When was the last time you used the Dewey Decimal System to find a great new novel? Or the last time you referenced an element’s atomic number on the periodic table? Even though money management is a huge part of life, it seems like you’re on your own to learn how to navigate the maze of personal finance.
If you didn’t acquire real-life financial skills in school, you’re not the only one who could use a little Money 101. We’ll break down five of the most crucial financial skills in life that you should master now.
1. How to Use Credit Wisely
Credit can be a useful tool, especially when your score is high enough to allow you to access better offers and opportunities. But if you have poor credit, you may have a harder time getting approval for loans, leasing a flat or even securing employment. That’s right, some prospective employers take a look at your credit report, especially for positions in finance, banking or similar fields.
When you’re just starting out, you need to register on the electoral roll first in order to build credit. If you haven’t already, open a bank account and look for beginner credit cards. You can also find secured credit cards that require a deposit, perfect for those just starting to build credit. Or, if you have a good history with your bank, you can also apply for a bank credit card.
In any case, when you use your credit card, you should always aim to pay the balance in full each month to avoid getting behind. If not, you’ll pay interest, depending on the credit card’s terms, and will end up spending more for your purchase than you would have if you paid in cash. But using your credit card responsibly is a great way to start building or repairing credit. The same basic principle applies to other forms of credit: Use only what you can responsibly pay back, and make your payments on time.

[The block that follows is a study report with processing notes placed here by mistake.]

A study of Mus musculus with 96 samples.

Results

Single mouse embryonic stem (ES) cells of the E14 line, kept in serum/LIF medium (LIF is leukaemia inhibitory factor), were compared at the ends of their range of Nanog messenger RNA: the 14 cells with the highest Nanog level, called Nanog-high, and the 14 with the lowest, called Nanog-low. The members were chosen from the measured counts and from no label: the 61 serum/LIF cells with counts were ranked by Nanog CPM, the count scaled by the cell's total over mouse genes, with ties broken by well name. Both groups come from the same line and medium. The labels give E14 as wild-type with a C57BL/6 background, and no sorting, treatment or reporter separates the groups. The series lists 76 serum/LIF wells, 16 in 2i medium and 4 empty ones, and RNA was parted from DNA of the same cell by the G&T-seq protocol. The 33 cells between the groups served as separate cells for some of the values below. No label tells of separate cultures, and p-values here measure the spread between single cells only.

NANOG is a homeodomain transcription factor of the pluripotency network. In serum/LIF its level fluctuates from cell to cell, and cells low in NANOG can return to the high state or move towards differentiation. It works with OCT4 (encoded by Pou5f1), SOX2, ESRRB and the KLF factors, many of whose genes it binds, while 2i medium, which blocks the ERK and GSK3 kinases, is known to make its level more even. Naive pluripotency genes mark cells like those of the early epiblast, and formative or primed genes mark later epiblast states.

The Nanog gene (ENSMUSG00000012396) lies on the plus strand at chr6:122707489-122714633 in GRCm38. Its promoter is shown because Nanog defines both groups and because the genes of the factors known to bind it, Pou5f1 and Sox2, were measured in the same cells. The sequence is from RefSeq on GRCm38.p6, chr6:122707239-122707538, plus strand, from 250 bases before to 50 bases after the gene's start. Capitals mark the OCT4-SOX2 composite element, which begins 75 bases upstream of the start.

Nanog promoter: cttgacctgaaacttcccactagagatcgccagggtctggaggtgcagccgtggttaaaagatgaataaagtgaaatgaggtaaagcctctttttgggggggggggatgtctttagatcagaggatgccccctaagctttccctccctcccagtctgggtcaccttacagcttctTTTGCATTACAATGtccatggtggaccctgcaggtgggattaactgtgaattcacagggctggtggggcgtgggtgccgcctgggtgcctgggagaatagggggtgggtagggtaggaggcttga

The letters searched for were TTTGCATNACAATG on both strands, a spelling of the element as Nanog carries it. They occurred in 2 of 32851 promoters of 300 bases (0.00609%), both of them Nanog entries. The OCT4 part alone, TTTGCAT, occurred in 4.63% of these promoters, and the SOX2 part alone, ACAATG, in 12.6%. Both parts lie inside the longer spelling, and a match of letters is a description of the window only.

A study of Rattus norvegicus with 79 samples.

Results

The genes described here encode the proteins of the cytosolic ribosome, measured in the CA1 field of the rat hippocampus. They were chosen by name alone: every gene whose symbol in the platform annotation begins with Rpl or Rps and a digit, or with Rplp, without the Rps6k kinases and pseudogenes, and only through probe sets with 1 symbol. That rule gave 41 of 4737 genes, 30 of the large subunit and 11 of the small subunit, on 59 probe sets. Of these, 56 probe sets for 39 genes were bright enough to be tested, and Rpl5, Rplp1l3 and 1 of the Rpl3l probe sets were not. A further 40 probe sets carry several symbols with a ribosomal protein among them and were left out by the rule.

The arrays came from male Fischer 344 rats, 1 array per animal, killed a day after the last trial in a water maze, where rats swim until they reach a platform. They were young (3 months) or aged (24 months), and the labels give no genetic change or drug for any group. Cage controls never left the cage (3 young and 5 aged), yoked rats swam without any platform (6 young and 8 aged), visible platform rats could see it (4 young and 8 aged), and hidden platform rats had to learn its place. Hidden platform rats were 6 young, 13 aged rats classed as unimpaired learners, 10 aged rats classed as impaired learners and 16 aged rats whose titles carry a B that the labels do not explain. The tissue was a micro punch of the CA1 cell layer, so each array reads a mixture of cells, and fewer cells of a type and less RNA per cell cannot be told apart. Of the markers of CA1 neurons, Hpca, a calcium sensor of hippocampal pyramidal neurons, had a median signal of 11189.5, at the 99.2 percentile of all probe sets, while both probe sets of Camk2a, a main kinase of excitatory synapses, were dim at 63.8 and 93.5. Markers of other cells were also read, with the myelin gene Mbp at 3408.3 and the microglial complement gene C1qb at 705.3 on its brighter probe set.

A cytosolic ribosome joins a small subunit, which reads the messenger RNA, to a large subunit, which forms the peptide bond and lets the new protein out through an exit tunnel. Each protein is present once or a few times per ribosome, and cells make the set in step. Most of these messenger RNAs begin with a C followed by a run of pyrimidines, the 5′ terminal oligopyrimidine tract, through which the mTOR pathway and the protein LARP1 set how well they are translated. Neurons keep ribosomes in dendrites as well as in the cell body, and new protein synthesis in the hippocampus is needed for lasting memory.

2. How to Check Your Credit Report
Protect yourself and your identity from unauthorized credit usage or incorrect reporting by monitoring your credit report. You should check your credit score on a regular basis, even if you’re not actively using credit. Checking your score is free. Additionally, some banks offer credit alerts or you could use a premium service that actively monitors changes that affect your score and report. However you access your score, be sure to make it a habit.
Identity theft can happen to you even if you’re not a victim of a mass data breach that’s made global headlines. If you see something that’s inaccurate or fraudulent on your credit report, you should follow the appropriate course of action to correct the issue. This includes registering for CIFAS, a fraud prevention service, detailed recordkeeping of the fraudulent activity and closely screening your personal accounts.
3. How to Budget Properly
Not following a budget is like preparing a meal without a recipe; you might be able to get by, but you can easily lose track of what you have and what you actually need to make it work. Without a budget, you won’t know what lifestyle you can sustain while saving for the future. You can easily set up your own budget worksheet in Excel to track your income and expenses. Whether you’re just starting off your career or trying to pay off debt, the 50-30-20 rule is a solid budgeting rule of thumb to ensure you’re not living beyond your means.
4. How to Balance a Chequebook
While some older adults learned how to balance a chequebook in secondary school, this skill is missing from today’s curriculum. Knowing what goes in and out of your account each month can help you avoid overdraft fees, double-check your bank’s accounting and help you scour your accounts for fraudulent activity. But you don’t have to manually balance your chequebook; if you’re properly managing your budget (see previous step), you should have all your expenses and income neatly prepared in a spreadsheet. Balancing your chequebook just means that you’re verifying this information against your bank statement for accuracy.
5. How to Utilise Compound Interest
While the United Kingdom’s Pension Protection Fund exists to help people save for retirement, the amount you receive might not sustain your current quality of life years down the line. But that doesn’t mean that you can’t save for retirement on your own. If you haven’t already, you should start saving now. Starting early can increase your quality of life in retirement while also giving you peace of mind for the future. More importantly, you can utilise the power of compound interest, or adding interest on top of interest. This means that your invested money is actually helping you earn more money. Opening your own Individual Savings Account (ISA) is just one way to start earning compound interest.
The information in this article is provided for education and informational purposes only, without any express or implied warranty of any kind, including warranties of accuracy, completeness or fitness for any particular purpose. The information in this article is not intended to be and does not constitute financial or any other advice. The information in this article is general in nature and is not specific to you the user or anyone else.